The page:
This is the lightly roasted High Mountain Concubine Oolong, the second tea in the Intro to Oolong collection from Eco-Cha in Taiwan!
The rolled leaves are a little denser than the unroasted Jin Xuan Oolong. They also have the smallest touch of brown and more noticeable stems.
The tasting notes indicate winter vegetables, fir forest tones, and almonds and honey flavor. I definitely smell vegetables and fir from the dry tea. As I keep smelling the dry tea, I'm noticing the soft almond and honey undertones more, which provide contrast.
The packaging even includes the season and year, like a wine!
The color of the first pour is lighter than I expected. The honey really comes out in the aroma!
I really like the taste of the first brew, but I can tell the leaves still have a lot of opening up to do. I could do a very quick rinse on this tea next time, only a few seconds. But still, it's already a very pleasant taste.
The second pour of the first brew comes in a bit darker, an effect I love from using a teapot. The taste is enhanced; I sense the tannins and fir, but again, the sweetness is emerging.
The cup has a delightful aroma, which makes me hope to try the Gong Fu steeping method with the smelling cup! Maybe in the future when I'm further along in my tea discovery journey.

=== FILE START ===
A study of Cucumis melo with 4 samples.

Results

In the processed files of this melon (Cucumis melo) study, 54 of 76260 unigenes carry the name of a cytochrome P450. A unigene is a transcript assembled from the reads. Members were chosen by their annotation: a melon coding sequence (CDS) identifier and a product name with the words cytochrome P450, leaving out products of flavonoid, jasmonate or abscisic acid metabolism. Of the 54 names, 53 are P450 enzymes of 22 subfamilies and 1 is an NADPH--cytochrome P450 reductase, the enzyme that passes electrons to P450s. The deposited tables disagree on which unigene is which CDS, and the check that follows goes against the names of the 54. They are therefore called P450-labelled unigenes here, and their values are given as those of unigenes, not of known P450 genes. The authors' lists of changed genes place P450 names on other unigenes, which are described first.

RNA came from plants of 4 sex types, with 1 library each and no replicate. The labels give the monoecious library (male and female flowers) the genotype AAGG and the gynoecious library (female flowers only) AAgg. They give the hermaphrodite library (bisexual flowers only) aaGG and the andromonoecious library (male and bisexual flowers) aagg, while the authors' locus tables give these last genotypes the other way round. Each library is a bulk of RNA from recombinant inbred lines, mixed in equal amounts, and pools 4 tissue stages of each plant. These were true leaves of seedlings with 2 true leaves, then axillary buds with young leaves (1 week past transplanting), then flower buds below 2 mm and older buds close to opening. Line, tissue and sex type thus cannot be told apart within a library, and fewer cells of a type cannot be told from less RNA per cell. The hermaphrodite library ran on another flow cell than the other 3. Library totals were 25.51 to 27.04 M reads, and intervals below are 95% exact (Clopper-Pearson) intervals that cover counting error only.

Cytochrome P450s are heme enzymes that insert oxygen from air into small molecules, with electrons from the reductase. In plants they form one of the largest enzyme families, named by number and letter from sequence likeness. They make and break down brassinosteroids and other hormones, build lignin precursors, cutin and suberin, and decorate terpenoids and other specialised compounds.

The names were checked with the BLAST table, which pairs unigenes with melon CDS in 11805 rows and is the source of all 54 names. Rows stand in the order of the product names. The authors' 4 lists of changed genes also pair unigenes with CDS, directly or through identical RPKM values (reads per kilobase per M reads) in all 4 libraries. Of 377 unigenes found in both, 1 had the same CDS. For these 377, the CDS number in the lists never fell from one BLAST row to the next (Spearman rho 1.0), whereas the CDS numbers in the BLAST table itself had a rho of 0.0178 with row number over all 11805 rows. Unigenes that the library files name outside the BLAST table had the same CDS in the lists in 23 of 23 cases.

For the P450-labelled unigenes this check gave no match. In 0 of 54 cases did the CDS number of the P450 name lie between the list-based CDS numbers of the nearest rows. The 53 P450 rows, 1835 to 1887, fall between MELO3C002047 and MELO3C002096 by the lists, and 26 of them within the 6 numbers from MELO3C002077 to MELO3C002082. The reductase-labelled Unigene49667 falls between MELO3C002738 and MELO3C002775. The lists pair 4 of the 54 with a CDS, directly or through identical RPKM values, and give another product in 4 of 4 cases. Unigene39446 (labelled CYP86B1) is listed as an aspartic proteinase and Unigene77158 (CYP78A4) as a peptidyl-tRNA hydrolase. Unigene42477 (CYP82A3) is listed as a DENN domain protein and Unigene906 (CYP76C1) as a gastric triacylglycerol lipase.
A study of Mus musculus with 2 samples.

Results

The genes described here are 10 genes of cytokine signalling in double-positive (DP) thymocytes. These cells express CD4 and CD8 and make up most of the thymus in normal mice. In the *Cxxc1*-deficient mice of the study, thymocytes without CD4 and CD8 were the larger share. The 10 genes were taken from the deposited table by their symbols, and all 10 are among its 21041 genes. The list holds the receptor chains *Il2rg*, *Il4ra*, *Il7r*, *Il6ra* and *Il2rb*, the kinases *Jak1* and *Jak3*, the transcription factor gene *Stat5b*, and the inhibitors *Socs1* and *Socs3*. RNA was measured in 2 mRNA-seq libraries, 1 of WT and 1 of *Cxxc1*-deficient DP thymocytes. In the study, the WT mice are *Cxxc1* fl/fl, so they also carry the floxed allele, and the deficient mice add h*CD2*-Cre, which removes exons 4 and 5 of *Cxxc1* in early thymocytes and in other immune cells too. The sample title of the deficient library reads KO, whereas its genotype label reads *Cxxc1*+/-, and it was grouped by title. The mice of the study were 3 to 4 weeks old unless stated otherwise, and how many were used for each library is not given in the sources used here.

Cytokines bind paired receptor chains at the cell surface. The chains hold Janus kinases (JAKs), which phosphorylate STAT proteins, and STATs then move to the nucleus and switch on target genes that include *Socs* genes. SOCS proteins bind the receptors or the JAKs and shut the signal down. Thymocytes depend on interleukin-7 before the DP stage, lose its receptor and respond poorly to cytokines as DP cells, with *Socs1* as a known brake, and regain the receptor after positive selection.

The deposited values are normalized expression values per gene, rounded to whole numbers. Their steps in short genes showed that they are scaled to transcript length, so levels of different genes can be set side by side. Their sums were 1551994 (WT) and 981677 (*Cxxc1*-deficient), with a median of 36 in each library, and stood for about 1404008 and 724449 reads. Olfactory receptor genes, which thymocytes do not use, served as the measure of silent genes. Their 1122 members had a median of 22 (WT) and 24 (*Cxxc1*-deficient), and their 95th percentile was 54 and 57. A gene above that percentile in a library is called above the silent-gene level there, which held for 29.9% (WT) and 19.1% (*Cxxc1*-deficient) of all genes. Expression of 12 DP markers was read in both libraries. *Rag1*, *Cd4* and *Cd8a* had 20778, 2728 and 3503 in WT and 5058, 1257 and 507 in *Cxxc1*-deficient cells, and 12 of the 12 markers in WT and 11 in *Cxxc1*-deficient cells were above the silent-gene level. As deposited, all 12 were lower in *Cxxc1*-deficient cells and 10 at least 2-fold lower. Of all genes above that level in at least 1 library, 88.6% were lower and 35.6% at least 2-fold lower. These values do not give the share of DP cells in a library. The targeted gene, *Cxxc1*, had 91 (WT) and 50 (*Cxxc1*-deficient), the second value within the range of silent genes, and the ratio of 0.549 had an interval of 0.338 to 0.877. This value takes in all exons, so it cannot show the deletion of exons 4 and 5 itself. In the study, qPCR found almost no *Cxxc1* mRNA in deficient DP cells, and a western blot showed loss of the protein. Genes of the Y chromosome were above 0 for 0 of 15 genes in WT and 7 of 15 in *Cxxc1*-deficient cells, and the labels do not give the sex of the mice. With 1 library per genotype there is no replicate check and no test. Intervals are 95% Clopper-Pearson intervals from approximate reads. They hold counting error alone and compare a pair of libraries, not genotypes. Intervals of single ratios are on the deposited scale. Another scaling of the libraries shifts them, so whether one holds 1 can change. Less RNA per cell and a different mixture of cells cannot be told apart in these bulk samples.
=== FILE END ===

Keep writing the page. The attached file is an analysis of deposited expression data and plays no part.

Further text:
The second steep, third pour: the color of the tea hasn't deepened (there is tea in this photo, it's just so light against the white teapot that it doesn't register). I adore how the flavors have settled and blended! It's a sweet vegetable taste now.
Beautiful unfurled tea.
I let the third steep sit for quite some time, maybe even as much as ten minutes. I love it! The second pour of this third steep is incredible, and a bit darker in color, but only marginally, and probably only because I let it steep so long.
As I go on to the fourth and fifth steeps, I'm just relaxing and enjoying the mellow, barely tannic taste. What a beautifully made tea!
This sample was provided by Eco-Cha.
Tomorrow's post will be on the final oolong in the 3-pack flight: the heavily roasted Dong Ding!